Picture of virus under microscope

Research under the microscope...

The Strathprints institutional repository is a digital archive of University of Strathclyde research outputs.

Strathprints serves world leading Open Access research by the University of Strathclyde, including research by the Strathclyde Institute of Pharmacy and Biomedical Sciences (SIPBS), where research centres such as the Industrial Biotechnology Innovation Centre (IBioIC), the Cancer Research UK Formulation Unit, SeaBioTech and the Centre for Biophotonics are based.

Explore SIPBS research

Determination of lamb wave dispersion data in lossy anisotropic plates using time domain finite element analysis - Part 1 - theory and experimental verification

Hayward, G. and Hyslop, J. (2006) Determination of lamb wave dispersion data in lossy anisotropic plates using time domain finite element analysis - Part 1 - theory and experimental verification. IEEE Transactions on Ultrasonics, Ferroelectrics and Frequency Control, 53 (2). pp. 443-448. ISSN 0885-3010

Full text not available in this repository. (Request a copy from the Strathclyde author)

Abstract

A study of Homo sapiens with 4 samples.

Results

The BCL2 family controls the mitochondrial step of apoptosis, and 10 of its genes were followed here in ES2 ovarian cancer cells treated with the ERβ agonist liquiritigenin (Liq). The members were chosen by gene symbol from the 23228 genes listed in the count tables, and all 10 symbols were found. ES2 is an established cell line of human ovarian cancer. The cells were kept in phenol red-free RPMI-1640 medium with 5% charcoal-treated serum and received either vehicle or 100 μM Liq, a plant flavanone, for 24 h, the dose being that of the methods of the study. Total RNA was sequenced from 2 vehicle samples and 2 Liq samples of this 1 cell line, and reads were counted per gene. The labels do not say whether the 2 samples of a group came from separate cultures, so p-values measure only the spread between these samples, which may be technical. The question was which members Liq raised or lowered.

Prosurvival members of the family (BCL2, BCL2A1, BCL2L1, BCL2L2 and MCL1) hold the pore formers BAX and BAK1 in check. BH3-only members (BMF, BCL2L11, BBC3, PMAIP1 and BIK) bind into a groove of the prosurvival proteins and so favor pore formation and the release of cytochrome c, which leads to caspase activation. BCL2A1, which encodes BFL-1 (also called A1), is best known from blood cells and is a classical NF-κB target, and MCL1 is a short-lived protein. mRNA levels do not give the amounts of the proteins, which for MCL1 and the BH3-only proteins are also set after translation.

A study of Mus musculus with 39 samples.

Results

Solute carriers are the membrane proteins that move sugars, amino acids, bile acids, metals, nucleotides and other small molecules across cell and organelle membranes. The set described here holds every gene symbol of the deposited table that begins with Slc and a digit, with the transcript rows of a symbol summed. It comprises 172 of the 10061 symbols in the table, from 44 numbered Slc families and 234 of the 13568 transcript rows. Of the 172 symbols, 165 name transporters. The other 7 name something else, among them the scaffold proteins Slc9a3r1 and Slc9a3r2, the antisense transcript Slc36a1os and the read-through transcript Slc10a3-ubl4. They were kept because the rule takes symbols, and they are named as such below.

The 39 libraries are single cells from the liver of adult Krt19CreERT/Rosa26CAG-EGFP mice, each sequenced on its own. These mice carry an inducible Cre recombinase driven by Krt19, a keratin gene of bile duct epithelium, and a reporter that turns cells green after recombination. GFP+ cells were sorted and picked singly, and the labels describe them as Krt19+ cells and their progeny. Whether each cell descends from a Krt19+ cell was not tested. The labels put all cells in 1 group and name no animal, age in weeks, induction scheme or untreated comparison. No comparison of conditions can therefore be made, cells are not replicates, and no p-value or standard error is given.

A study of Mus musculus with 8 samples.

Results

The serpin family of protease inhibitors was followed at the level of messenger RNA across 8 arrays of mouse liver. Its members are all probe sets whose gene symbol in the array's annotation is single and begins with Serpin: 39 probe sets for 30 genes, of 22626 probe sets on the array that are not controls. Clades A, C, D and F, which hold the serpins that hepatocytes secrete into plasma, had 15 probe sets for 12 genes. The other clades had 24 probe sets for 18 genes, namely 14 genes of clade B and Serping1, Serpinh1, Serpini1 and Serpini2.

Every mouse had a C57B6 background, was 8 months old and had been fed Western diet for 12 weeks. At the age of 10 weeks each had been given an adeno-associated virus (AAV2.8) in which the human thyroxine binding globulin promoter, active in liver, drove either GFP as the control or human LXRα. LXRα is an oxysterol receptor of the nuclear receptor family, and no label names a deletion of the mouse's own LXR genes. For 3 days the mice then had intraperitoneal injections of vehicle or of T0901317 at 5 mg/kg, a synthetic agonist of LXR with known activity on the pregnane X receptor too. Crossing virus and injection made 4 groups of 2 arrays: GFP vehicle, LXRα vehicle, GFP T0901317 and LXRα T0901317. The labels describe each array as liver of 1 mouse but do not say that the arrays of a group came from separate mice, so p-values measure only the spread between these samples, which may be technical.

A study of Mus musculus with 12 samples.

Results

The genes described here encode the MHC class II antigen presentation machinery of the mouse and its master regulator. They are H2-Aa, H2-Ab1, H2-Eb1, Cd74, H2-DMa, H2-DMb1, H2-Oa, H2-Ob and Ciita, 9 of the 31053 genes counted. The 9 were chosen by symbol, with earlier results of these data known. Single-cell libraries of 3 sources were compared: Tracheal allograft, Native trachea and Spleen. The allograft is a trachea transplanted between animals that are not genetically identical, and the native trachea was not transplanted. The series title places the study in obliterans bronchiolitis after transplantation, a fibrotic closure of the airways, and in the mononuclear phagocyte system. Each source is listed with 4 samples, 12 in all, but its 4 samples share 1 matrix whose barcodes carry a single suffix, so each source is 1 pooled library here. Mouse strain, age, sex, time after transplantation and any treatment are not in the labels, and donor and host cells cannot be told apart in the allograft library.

A theoretical and experimental approach for extraction of guided wave dispersion data in plate structures is described. Finite element modeling is used to calculate the surface displacement data (in-plane and out-of-plane) when the plate is subject to either symmetrical or antisymmetrical impulsive force stimulation at one or both of the parallel faces. Fourier transformation of the resultant space-time displacement histories is then employed to obtain phase velocity as a function of frequency. Experimental verification in the case of antisymmetrical stimulation is provided by means of a high-power Q-switched laser source that is used to excite guided waves in the plate. The subsequent out-of-plane displacement data were then obtained by means of a scanning laser vibrometer, and good agreement between theory and experiment is demonstrated. Examples of dispersion data are provided for aluminum, and excellent correlation between the data sets and conventional Rayleigh-Lamb theory for plate structures was obtained. This was then extended to lossy polymeric plates, in addition to both unpolarized and polarized piezoelectric ceramic plates, again with good agreement between the finite element modeling and optical experiments. The last set of results prepares the way for a detailed investigation of the nonhomogeneous piezoelectric composite waveguides described in a companion paper (Part II).